UP2Save is proudly assuming stewardship responsibility for this ecological treasure of statewide significance.  We are developing programs and opportunities to inspire and engage visitors to the forest, and to generate a deep appreciation for this place and the ecological health that it represents, for generations to come. 

The Inventory of Natural Areas and Wildlife Habitats for Orange County, North Carolina (1988, updated 2004) highlights the natural qualities of this site:

Natural Communities: Dry-Mesic Oak--Hickory Forest; Mesic Mixed Hardwood Forest; Piedmont Monadnock Forest

This is the largest tract of chestnut oak forest in the county; it is second only to Occoneechee Mountain in therms of the maturity of the canopy and the density of its heath cover. The abundant forage provided by this forest together with the size of this tract helps to explain the presence of wild turkey and bobcat. It serves as both an important wildlife reservoir and an overland link between two stream corridor systems: Morgan Creek and Cane Creek. This is one of the more scenic knobs located within the rural buffer due to its high visibility from several nearby roads. 

This site is about 500 acres of mainly undisturbed upland hardwood forest located along the headwaters of Morgan Creek and Cane Creek. The flat summit of Pickards Mountain and the upper slopes support a chestnut oak forest covering at least 150 acres. This forest is surprisingly mature, with stems averaging approximately a foot in diameter, one excellent specimen measured three feet. Along with the dominant chestnut oak Quercus prints), other canopy trees are white oak (Q. alba), black oak (Q. velutina), scarlet oak (Q. coccinea), post oak (Q stellate), blackjack oak (Q. marilandica), southern red oak (Q. faclacta), and pignut hickory (Carya glabra). Sourwood (Oxydendrum arboreum) and red maple (Acer rubrum) are prominent in the understory, with scattered red cedar (Juniperus virginiana).  Some of the herbs that indicate dryness of the site are goat's rue, veined hawkweed, and reindeer lichen. Particularly noteworthy, the shrub layer in this forest is composed of dense thickets of heaths, quite comparable to similar communities found on the summit of Occoneechee Mountain (highest point in Orange County), although lacking in some of the species of the montane chestnut oak community, such as mountain laurel, galaxy, and bracken fern.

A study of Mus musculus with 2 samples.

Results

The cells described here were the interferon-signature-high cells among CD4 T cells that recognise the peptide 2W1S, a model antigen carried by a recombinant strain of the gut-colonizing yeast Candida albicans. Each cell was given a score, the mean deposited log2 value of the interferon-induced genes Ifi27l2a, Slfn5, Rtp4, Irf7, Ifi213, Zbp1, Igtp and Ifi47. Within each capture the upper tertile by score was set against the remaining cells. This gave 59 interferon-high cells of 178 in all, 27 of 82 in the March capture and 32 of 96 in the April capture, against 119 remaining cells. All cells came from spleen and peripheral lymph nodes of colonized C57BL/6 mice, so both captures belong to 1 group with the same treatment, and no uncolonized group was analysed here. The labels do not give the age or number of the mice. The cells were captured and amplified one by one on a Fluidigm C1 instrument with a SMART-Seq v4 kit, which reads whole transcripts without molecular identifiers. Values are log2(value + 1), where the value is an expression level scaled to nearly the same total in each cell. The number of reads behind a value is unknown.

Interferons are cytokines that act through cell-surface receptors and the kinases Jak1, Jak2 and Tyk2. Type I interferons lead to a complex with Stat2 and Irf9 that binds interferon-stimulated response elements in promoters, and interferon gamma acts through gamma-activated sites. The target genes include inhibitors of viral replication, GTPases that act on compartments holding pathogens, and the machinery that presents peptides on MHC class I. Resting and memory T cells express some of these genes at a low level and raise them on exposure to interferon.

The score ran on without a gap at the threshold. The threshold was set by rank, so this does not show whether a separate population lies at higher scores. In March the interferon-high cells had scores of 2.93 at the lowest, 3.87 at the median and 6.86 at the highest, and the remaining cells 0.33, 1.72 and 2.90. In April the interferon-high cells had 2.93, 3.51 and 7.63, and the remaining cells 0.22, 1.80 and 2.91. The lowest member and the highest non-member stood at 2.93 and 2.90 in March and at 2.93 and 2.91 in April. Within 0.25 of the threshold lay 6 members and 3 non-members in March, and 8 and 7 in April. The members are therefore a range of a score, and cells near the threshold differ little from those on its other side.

Farther downslope the forest grades into a dry-mesic oak-hickory forest with a mesic mixed hardwood forest occurring along the small streams. The latter supports beech (Fagus grandifolia), tulip polar (Liriodendron tulipifera), Sweetgum (Liquidambar styraciflua), and oaks. The large ravine located on the east slope held water even at the height of the 1988 drought, and supports a luxuriant growth of ferns over most of its length; species present include lady fern, royal fern, cinnamon fern, grape fern, and sensitive fern.